Health News for Senior Citizens

 

Health News for Seniors

Elderly need help fighting cardiovascular disease, their biggest killer

Senior citizens  are too often considered something like your favorite old shoes

Elderly man in wheelchair waiting for helpApril 22, 2016 – The leading killer of senior citizens is cardiovascular disease (CVD) but a new study says pleas for help fall on deaf ears. The elderly are something like that old pair of shoes you used to love.

Your old shoes are showing their age - worn-looking, a few nicks, losing their color, a little wrinkled. They could probably be fixed up for another good season but, then you think, is it really worth the effort.

Prevention of cardiovascular problems in senior citizens presents a challenge because this age group – the fastest growing in the world - is generally underrepresented in clinical trials, and doctors often assume that it is too late to initiate preventive therapy in the elderly.

A review by clinical experts of the best available evidence concluded that cholesterol-lowering and blood pressure-controlling therapy are the most effective treatments for reducing cardiovascular events in older adults, but that treatment needs to be individualized, reports the Canadian Journal of Cardiology.

"Primary prevention trials in younger populations demonstrate small absolute risk reductions over many years, which is difficult to extrapolate to older patients," explained senior author Michelle M. Graham, MD, FRCPC, Professor of Medicine, Division of Cardiology, Mazankowski Alberta Heart Institute and University of Alberta Faculty of Medicine and Dentistry.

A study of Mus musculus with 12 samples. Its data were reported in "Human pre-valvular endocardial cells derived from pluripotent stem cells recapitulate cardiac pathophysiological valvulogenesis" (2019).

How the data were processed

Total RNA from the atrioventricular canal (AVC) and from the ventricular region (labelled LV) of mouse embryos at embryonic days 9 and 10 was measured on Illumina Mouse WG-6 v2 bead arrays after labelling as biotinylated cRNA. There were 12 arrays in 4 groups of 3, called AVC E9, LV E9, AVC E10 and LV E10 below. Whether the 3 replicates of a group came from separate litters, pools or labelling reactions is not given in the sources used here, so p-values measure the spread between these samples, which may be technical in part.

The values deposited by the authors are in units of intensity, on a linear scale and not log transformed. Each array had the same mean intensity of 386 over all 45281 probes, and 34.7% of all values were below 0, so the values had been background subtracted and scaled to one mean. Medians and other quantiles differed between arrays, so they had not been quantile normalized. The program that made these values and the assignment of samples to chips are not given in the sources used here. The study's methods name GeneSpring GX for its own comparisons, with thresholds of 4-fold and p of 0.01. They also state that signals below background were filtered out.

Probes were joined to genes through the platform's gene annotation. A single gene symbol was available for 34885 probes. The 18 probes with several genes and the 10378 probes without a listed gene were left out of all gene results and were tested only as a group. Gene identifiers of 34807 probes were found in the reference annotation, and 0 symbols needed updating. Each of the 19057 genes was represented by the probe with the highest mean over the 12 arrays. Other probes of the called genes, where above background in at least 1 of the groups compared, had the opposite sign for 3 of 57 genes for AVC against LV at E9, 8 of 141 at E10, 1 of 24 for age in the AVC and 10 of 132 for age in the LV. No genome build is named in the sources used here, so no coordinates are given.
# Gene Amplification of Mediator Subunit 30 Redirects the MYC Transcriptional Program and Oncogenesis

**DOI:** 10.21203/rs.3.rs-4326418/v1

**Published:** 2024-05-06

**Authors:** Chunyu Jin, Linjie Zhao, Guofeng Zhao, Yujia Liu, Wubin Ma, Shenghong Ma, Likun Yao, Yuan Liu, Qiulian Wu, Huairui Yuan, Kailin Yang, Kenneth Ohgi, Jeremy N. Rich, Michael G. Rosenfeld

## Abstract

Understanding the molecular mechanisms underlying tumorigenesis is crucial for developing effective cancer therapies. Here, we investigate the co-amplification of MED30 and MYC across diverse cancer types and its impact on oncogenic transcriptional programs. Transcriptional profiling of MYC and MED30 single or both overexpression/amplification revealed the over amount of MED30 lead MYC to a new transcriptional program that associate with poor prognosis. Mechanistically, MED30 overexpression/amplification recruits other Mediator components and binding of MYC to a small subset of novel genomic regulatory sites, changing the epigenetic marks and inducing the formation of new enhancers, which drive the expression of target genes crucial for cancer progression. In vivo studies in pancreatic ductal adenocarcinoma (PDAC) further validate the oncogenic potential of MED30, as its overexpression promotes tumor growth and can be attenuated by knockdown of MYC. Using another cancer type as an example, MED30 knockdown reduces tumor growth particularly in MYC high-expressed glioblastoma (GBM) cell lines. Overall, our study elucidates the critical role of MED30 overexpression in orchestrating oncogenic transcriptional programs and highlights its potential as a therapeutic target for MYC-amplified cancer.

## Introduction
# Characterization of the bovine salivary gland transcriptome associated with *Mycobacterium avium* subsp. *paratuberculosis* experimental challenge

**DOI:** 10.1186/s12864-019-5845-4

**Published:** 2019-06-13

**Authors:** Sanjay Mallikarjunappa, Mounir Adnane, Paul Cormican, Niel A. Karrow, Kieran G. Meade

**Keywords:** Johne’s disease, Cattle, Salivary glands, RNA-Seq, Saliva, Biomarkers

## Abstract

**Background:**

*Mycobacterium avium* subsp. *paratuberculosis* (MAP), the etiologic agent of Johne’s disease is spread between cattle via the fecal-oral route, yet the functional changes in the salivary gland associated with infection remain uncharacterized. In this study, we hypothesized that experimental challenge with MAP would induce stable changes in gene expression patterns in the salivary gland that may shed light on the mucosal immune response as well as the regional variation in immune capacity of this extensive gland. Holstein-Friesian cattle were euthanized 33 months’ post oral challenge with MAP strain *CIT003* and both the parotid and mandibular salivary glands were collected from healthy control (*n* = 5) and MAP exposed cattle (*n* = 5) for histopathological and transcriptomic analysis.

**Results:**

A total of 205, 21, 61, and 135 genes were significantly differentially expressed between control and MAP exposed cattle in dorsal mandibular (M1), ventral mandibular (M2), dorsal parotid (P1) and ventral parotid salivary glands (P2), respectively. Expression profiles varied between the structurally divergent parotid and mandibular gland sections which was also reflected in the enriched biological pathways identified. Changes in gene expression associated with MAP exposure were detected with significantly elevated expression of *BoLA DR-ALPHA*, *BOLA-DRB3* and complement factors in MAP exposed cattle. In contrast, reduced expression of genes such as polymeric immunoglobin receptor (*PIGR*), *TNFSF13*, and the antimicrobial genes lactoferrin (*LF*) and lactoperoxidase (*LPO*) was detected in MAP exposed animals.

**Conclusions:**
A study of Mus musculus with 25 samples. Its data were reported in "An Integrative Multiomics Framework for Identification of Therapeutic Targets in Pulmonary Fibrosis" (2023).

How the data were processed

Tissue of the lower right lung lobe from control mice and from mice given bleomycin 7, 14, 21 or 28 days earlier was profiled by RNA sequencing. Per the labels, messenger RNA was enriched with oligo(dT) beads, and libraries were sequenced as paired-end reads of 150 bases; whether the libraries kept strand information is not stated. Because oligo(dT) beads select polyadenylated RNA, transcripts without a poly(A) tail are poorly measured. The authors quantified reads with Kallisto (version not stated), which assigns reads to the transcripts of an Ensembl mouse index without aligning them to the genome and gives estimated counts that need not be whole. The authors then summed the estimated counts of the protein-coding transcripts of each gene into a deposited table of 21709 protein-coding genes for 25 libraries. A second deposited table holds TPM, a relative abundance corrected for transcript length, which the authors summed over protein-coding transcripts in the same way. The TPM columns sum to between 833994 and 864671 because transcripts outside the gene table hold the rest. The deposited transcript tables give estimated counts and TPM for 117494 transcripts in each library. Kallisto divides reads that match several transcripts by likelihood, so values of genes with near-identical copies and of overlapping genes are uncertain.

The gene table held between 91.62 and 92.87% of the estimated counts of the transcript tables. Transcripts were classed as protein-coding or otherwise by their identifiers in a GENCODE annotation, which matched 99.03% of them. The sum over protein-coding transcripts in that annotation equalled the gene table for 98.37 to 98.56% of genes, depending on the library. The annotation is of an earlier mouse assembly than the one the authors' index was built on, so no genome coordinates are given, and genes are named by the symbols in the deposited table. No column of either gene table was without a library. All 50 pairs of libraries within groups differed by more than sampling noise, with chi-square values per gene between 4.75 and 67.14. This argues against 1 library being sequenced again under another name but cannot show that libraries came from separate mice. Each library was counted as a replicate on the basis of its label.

"Some assume elderly individuals may not have the life expectancy to derive benefit from preventive cardiovascular therapy; however, their baseline level of risk, and subsequent relative risk reduction with appropriate therapy, may actually be higher than in younger patients."

         The review provided substantial evidence that:

         Statin therapy reduces the risk of both myocardial infarction and stroke, although close monitoring of adverse events is needed. Evidence does not support an association between cholesterol-lowering statin therapy and either cognitive impairment or cancer. Adverse effects, like muscle problems and diabetes, do not appear to be elevated in elderly patients.

         Potential drug-drug interactions are an important consideration when prescribing statin therapy in older patients because they have a high burden of concurrent medical conditions and are often taking multiple medications. Patients should also be made aware of over-the-counter supplements that may interact with statin therapy.

         Blood pressure control is paramount to prevent cardiovascular events and mortality in elderly patients, although the target should be individualized to the patient. Current evidence supports a moderate blood pressure target (systolic blood pressure of 120-150 mmHg) as safe and effective in elderly patients; however, this target should be individualized based on frailty and comorbidities.

         Antiplatelet therapy should not be recommended due to a lack of net clinical benefit.

         Other interventions shown to reduce the risk of CVD in elderly patients include smoking cessation, physical activity, and maintaining a normal body weight.

"Primary prevention of CVD can improve health and reduce future healthcare costs. Prevention of a first cardiovascular event in elderly patients should be individualized based on consideration of the current evidence, as well as goals of therapy, functionality and/or frailty, comorbidities, and concomitant medications," stated Dr. Graham.